The director of the State Health Department’s Medical Marijuana division says the plan is to have medical marijuana available in North Dakota by the end of the calendar year.
Jason Wahl told the Legislature’s Administrative Rules committee – a big hurdle was the approval of the new administrative rules governing it.
"The Department is committing to implementing this program as quickly as it can," Wahl told the Committee. "It needs to insure the program is implemented in a well-regulated manner."
The Committee took a look at the proposed rules – and decided they should go forward.
"The Department is now anticipating opening up an application period, for entities interested in becoming manufacturing facilities, by the end of this week," Wahl said.
Wahl said once the two manufacturing facilities have been chosen, the Department will start the process to pick eight dispensaries.
"We'll be able to get a more firm timeline from the two applicants that move forward for a manufacturing facility," Wahl said. "We'll use that information to establish the open application period for dispensaries."
Those eight dispensaries will be within a 50 mile radius of Fargo, Bismarck-Mandan, Jamestown. Dickinson, Grand Forks, Devils Lake, Minot and Williston. Wahl said the rules will allow the dispensaries to have a delivery service to bring the medical marijuana to patients who are not able to travel.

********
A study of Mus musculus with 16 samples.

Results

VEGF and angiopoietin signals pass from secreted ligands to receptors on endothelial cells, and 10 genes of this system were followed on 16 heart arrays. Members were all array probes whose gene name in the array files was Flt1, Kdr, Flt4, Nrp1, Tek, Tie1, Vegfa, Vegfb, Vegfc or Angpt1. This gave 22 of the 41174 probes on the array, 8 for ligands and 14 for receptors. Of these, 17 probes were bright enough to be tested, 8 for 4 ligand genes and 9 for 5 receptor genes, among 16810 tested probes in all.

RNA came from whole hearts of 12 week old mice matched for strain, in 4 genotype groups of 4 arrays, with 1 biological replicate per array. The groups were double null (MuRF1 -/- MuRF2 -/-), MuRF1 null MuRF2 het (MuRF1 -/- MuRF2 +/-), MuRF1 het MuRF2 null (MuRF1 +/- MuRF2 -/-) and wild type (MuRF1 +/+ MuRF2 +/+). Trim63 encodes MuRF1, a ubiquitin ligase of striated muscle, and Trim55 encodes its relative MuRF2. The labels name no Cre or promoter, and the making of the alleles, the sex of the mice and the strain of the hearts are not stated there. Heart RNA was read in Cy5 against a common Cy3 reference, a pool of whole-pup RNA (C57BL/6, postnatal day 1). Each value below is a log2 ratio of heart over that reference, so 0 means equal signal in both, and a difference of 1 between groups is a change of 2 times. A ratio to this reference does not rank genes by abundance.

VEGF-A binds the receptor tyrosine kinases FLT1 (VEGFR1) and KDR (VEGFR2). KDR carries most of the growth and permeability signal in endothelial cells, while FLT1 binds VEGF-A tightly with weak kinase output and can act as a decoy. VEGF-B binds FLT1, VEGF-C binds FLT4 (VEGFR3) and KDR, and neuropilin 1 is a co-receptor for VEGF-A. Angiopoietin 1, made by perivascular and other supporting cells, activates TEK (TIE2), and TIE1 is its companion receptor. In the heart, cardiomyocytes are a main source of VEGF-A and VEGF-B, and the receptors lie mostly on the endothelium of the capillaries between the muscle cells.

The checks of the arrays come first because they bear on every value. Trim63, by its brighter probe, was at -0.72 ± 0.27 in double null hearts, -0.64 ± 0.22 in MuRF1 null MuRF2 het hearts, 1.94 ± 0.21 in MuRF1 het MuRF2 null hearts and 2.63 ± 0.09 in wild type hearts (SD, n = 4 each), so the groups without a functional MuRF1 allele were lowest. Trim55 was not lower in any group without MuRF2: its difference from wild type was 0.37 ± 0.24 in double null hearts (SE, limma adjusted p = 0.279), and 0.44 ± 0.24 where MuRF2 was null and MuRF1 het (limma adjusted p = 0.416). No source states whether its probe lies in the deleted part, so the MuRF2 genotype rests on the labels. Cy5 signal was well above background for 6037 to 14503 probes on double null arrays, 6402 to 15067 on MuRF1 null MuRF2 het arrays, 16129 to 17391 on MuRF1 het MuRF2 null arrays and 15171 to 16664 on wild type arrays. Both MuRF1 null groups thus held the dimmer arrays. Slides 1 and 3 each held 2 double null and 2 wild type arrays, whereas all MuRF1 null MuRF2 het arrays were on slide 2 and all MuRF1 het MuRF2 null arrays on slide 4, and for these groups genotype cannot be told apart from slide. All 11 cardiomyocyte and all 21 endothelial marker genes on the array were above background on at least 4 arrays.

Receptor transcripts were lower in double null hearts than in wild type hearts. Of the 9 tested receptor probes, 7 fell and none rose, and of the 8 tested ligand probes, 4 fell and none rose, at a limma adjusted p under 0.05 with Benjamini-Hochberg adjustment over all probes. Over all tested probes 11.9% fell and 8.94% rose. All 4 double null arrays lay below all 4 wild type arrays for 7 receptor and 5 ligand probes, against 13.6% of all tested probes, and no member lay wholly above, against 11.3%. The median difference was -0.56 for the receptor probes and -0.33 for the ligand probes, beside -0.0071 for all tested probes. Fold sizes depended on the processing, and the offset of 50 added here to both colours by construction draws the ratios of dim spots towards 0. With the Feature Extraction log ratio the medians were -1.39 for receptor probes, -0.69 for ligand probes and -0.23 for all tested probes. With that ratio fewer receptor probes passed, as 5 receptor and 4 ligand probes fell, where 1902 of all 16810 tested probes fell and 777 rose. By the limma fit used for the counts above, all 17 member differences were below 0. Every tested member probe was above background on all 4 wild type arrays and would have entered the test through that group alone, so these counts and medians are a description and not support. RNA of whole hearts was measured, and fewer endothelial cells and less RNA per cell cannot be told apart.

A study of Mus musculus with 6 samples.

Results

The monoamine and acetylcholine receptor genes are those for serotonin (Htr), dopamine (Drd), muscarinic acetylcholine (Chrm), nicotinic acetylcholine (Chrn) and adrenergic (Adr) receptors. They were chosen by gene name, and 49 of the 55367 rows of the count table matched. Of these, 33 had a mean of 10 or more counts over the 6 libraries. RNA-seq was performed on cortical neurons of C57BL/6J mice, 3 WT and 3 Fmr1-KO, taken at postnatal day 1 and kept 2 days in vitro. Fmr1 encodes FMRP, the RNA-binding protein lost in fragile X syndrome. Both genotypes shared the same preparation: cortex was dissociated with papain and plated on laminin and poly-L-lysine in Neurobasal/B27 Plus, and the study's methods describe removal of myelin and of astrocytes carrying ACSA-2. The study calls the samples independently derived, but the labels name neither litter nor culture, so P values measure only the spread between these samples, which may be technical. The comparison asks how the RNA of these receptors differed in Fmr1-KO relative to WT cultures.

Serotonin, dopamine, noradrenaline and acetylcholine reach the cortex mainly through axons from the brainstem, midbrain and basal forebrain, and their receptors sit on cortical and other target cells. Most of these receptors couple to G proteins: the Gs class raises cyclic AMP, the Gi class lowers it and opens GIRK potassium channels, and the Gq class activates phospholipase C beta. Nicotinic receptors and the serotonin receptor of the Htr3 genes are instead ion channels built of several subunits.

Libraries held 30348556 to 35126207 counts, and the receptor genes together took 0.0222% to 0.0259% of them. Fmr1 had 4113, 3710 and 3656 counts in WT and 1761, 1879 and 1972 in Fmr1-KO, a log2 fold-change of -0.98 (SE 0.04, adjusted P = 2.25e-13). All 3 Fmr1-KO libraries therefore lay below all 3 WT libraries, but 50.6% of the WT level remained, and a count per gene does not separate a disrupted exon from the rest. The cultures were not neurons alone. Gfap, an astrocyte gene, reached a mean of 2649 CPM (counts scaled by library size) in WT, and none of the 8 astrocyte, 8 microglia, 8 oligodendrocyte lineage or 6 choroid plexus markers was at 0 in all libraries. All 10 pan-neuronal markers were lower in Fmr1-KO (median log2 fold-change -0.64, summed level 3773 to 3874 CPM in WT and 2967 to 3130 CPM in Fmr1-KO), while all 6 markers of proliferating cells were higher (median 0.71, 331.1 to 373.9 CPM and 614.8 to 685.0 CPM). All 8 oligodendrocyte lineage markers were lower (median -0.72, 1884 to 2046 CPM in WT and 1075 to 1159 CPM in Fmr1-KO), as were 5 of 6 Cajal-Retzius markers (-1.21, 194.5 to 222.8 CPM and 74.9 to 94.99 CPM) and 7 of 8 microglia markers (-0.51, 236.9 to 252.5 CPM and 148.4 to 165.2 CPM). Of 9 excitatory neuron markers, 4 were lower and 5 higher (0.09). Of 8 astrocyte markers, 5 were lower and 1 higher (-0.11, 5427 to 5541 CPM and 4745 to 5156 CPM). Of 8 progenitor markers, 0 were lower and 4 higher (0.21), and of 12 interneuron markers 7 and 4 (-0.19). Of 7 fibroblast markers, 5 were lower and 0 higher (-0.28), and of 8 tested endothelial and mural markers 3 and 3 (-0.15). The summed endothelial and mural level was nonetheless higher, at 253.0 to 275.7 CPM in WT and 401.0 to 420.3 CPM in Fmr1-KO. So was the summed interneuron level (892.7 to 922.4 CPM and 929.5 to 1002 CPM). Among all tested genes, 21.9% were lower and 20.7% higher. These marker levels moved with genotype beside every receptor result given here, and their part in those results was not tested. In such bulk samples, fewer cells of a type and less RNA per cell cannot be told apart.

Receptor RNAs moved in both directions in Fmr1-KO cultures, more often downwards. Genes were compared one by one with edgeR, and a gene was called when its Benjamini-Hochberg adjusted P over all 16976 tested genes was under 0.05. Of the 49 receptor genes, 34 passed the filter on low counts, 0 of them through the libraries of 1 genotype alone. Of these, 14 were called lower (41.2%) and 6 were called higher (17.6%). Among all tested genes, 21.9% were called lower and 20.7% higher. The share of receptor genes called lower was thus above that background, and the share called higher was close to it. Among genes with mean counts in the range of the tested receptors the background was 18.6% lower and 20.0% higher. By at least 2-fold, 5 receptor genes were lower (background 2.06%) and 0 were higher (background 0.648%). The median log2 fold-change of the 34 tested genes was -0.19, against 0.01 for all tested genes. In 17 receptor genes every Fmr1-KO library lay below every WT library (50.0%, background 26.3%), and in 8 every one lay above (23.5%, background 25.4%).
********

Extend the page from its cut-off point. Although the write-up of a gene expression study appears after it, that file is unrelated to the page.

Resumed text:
The Health Department is awaiting an Attorney General’s opinion on whether medical marijuana manufacturers, or “grow centers,” would run afoul of North Dakota’s anti-corporate farming law.
But some members of the Legislature’s Administrative Rules Committee say that was addressed in the bill passed in the 2017 Legislature.
Wahl said the opinion was requested after the department received some feedback.
"The Department had been hearing questions from individuals and state agencies about that," Wahl said.
North Dakota law prohibits corporations from owning farmland.
Rep. Robin Weisz (R-Hurdsfield) told the Committee that question has already been answered.
"We added additional language within the bill to make it clear these were not considered to be agricultural operations," Weisz said. "So I'm trying to understand where there should be any conflict."